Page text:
Center for Medical Consumers


Arthur A. Levin, MPH, is the founder and director of the Center for Medical Consumers. He has served on the consensus committee that released the Institute of Medicine’s September 2012 report “Best Care at Lower Cost,” which is both an extensive critique of the U.S. health care system and a broad exploration of the possibilities for change.  He is also a member of the National Quality Forum (NQF) Consensus Standards Approval Committee; co-chair of the National Committee for Quality Assurance, Committee on Performance Measurement (CPM); a board member of the Informed Medical Decisions Foundation;  member of the Citizens Advocacy Center, THINC, a regional health information project in the mid-Hudson Valley, and the New York e Health Collaborative; the public representative on the steering committee of the Centers for Education and Research on Therapeutics (CERTS); and a member of the Standing Committee on Conflict of Interest, Patient-Centered Outcomes Research Institute (PCORI).

From 2003 through May 2007, he served as the consumer representative on the FDA Drug Safety and Risk Management Advisory Committee and continues to participate as a consumer expert on these FDA advisory panels by invitation. He is the only consumer member of the New York State Department of Health Healthcare Acquired Infection Reporting Workgroup and wrote the original legislation that mandated public hospital-acquired infection reporting in the state.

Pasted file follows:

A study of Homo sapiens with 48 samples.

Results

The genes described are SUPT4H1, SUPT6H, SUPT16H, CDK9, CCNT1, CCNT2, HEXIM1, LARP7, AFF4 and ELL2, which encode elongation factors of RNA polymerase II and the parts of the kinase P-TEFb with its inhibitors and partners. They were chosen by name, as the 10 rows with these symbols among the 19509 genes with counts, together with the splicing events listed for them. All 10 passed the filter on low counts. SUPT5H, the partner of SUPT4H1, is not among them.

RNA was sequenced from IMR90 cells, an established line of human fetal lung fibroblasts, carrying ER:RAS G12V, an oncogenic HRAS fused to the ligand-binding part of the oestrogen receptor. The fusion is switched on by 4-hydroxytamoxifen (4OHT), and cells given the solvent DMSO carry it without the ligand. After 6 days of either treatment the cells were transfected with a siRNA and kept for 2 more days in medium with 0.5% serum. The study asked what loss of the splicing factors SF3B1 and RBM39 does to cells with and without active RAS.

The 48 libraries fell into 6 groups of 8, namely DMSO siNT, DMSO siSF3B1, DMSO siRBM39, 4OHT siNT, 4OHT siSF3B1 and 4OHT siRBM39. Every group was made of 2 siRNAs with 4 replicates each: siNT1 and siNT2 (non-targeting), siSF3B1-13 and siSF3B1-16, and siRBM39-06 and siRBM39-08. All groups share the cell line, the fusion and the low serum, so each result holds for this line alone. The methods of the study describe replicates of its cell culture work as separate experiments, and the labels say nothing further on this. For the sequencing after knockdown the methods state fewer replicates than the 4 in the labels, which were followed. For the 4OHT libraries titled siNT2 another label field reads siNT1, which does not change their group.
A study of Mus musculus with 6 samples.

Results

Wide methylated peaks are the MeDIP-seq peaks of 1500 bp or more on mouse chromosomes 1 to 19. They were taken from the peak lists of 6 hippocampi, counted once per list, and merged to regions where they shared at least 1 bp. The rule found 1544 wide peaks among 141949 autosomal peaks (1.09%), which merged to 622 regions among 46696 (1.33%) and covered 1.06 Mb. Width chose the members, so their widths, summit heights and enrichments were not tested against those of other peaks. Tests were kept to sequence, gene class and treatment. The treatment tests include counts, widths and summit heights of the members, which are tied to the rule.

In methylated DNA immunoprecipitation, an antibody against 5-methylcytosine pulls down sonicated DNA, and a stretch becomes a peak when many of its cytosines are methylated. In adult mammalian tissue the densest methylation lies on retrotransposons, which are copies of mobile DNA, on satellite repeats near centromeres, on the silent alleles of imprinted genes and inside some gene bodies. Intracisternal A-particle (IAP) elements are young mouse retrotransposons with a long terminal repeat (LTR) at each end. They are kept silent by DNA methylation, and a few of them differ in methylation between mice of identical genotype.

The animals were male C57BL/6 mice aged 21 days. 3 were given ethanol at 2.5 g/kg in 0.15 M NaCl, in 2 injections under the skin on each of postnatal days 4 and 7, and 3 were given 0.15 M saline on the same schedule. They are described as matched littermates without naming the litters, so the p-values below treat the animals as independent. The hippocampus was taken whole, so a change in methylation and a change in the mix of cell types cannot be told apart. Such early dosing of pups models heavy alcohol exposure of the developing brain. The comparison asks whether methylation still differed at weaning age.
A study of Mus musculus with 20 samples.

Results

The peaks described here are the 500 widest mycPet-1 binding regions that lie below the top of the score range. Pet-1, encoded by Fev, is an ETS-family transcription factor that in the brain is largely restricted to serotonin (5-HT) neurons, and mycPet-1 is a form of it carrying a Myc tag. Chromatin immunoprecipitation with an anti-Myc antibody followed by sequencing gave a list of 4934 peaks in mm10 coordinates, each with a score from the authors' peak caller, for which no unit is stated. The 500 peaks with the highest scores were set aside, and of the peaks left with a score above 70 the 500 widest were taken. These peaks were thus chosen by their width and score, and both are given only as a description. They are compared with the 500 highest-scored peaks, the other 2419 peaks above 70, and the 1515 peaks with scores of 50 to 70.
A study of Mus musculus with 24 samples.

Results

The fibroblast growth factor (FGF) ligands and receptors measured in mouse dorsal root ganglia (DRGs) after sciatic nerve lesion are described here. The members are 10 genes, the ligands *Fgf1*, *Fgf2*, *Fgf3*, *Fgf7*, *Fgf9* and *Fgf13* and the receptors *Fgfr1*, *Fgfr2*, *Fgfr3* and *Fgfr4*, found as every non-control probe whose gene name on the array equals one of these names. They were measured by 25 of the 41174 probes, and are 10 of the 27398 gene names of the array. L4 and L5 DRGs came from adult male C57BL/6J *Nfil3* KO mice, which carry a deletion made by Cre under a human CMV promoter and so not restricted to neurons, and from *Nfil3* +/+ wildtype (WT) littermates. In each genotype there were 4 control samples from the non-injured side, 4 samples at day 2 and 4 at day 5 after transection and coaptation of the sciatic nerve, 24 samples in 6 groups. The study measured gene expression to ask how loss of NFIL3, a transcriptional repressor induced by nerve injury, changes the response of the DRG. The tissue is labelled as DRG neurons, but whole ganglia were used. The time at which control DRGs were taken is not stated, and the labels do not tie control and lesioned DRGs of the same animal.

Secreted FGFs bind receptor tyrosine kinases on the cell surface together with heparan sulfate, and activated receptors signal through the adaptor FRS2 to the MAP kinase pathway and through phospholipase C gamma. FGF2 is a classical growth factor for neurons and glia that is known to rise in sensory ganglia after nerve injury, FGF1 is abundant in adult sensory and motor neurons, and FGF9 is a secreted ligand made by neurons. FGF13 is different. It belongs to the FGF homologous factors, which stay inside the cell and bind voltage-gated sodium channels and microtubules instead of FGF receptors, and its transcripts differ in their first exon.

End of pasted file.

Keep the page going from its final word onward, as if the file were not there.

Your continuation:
From 1998-2000, Levin served on the Institute of Medicine’s Committee on the Quality of Health Care in America, which issued the landmark reports “To Err is Human,” which garnered international attention for its depiction of medical errors as a leading cause of preventable death and injury in the U.S., as well as “Crossing the Quality Chasm Report,” which set the goals for reforming the nation’s health care system.

He has subsequently served on Institute of Medicine committees that have assessed federal government efforts to improve patient safety in the health systems it manages, reported on the performance of the Office of the National Coordinator for Information Technology, and recommended national standards for systematic evidence reviews and clinical guidelines.   In 2009, he was a member of the IOM committee advising the Secretary of Health and Human Services on how to allocate $400 million in stimulus money targeted for comparative effectiveness research. In the past year he has participated in the preparation of an IOM report that looked at the potential for patient harm as a result of the transition from paper to electronic medical records and made recommendations about safety improvement.